April 19, 2012

Tuscaloosa County Addresses Issue of “Local” Church

For approximately the past 30 years during which parents have been conducting home instruction through enrollment of their children in church schools in Alabama, parents have been complying with the compulsory attendance requirements by enrolling their children in church schools not necessarily located within the city or county where they reside. Home School Legal Defense Association assisted a member family in Tuscaloosa County earlier this month when public school officials challenged their daughter’s enrollment in a church school outside the county. The family not only received a letter from the attendance officer stating that the church school enrollment form filed earlier with the superintendent was unacceptable, but they also received a Notice of Noncompliance with Alabama Compulsory Attendance Law that threatened criminal prosecution in three days.

A church school is defined in § 16-28-1 of the Alabama Code as including “only such schools as offer instruction in grade K–12, or any combination thereof including the kindergarten, elementary, or secondary level and are operated as a ministry of a local church, group of churches, denomination, and/or association of churches on a nonprofit basis which do not receive any state or federal funding.”

The term “local” in § 16-28-1 is not defined. HSLDA believes the most reasonable interpretation of this statutory language is that the term “local” means within the geographical boundaries of Alabama. Otherwise, a family residing in a city or county without a church school would be denied the constitutional right to choose a faith-based education for their children. Instead, they would be compelled to enroll their children in public school. Such an infringement upon parental rights and religious freedom was held to be unconstitutional in the case of Pierce v. Society of Sisters, 268 U.S. 510 (1925). In that case the United States Supreme Court ruled that the State of Oregon was prohibited from enforcing a law banning all private education and requiring all children to attend public schools. If all the school districts in Alabama adopted the same policy as initially expressed by Tuscaloosa County Schools, it would have the same effect as the Oregon law for many families.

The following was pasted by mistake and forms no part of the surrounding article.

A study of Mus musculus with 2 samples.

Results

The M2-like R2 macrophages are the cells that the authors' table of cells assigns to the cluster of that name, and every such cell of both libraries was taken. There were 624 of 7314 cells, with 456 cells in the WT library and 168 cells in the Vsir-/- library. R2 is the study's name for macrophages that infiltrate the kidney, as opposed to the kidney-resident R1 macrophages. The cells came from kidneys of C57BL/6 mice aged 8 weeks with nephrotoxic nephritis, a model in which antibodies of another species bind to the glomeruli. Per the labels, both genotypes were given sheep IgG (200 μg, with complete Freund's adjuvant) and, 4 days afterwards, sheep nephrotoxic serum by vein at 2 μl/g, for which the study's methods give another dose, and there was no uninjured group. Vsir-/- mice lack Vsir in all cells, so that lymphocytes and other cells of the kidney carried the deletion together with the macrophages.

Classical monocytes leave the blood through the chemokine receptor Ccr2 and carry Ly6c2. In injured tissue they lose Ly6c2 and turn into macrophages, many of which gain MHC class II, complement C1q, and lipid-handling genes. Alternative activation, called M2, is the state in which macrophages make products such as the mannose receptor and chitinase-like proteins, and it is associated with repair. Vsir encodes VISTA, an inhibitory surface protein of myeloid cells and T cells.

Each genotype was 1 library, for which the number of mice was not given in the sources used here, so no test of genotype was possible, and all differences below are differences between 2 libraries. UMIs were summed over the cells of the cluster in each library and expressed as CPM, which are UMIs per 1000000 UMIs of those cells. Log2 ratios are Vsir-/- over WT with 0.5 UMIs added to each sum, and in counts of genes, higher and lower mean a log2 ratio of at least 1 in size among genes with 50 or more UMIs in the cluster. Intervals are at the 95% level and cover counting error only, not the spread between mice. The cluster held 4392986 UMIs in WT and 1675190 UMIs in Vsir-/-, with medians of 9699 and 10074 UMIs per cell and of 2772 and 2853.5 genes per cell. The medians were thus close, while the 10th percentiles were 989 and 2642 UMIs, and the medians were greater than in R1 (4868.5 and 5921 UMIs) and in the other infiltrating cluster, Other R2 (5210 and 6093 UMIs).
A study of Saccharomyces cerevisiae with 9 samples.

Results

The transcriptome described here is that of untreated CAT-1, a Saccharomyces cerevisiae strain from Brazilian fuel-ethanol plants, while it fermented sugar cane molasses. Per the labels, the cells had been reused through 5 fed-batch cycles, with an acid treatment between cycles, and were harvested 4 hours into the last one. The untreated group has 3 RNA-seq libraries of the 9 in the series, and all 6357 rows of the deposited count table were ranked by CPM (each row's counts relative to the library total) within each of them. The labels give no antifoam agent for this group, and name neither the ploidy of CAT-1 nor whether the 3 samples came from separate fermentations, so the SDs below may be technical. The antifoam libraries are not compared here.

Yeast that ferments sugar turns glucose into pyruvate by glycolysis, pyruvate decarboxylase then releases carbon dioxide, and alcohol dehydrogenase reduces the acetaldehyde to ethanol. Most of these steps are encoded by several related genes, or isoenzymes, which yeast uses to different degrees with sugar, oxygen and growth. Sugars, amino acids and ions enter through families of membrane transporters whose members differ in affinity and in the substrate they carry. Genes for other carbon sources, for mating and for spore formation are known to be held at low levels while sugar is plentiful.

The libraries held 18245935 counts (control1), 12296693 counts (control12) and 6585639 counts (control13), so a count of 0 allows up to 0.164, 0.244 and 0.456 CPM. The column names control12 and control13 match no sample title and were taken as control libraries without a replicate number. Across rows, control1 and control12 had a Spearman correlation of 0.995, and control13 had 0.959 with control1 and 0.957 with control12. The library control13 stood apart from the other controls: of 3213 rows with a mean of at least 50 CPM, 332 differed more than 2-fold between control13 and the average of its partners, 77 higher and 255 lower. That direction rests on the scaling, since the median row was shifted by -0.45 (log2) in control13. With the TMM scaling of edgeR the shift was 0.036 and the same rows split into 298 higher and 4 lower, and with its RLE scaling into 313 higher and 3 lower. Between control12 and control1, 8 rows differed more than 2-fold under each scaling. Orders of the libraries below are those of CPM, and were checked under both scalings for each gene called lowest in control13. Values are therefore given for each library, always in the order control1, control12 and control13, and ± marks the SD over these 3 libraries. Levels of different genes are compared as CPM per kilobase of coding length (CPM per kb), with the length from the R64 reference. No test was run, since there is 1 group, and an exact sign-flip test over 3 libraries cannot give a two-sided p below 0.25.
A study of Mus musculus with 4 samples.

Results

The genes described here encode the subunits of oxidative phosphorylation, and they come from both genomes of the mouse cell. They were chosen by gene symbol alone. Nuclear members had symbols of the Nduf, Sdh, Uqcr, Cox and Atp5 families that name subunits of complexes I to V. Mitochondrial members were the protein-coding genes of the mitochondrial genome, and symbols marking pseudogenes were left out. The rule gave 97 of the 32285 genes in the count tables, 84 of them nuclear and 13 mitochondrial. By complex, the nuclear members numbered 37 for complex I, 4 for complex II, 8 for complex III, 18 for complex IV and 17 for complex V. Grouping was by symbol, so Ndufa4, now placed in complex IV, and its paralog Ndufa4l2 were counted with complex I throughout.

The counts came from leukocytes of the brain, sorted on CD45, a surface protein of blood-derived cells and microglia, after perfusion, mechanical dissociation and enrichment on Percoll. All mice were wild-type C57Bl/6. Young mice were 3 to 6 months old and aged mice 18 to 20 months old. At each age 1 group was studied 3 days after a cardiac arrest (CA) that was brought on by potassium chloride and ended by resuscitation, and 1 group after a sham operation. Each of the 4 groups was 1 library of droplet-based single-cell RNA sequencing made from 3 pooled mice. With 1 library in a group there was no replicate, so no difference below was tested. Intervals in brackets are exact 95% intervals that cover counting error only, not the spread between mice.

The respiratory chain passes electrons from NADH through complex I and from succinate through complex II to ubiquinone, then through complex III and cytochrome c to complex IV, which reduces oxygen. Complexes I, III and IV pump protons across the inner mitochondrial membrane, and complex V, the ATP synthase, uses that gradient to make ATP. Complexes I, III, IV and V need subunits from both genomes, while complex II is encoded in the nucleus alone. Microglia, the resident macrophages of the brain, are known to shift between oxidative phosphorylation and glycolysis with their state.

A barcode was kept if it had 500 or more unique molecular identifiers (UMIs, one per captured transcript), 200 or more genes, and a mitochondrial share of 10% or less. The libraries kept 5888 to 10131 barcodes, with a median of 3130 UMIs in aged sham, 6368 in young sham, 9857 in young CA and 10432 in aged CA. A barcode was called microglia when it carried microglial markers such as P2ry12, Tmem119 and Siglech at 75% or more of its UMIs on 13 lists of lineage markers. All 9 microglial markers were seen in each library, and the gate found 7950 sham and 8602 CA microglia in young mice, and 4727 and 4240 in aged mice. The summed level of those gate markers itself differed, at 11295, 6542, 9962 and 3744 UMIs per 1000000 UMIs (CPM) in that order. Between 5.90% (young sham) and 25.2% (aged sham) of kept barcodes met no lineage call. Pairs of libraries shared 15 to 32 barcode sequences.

HSLDA Senior Counsel Dewitt Black contacted the public school on behalf of our member family and explained our legal position on this issue. As a result, the attendance officer sought guidance from the Alabama State Department of Education, which replied that it was up to each school system to determine what “local” meant. Given this, Tuscaloosa County Schools sent a letter to our member family telling them that the out-of-county church school they had chosen for their daughter was “valid and in compliance with the Code of Alabama.”

HSLDA is prepared to defend any of our member families whose right to enroll their children in a church school anywhere in Alabama is challenged.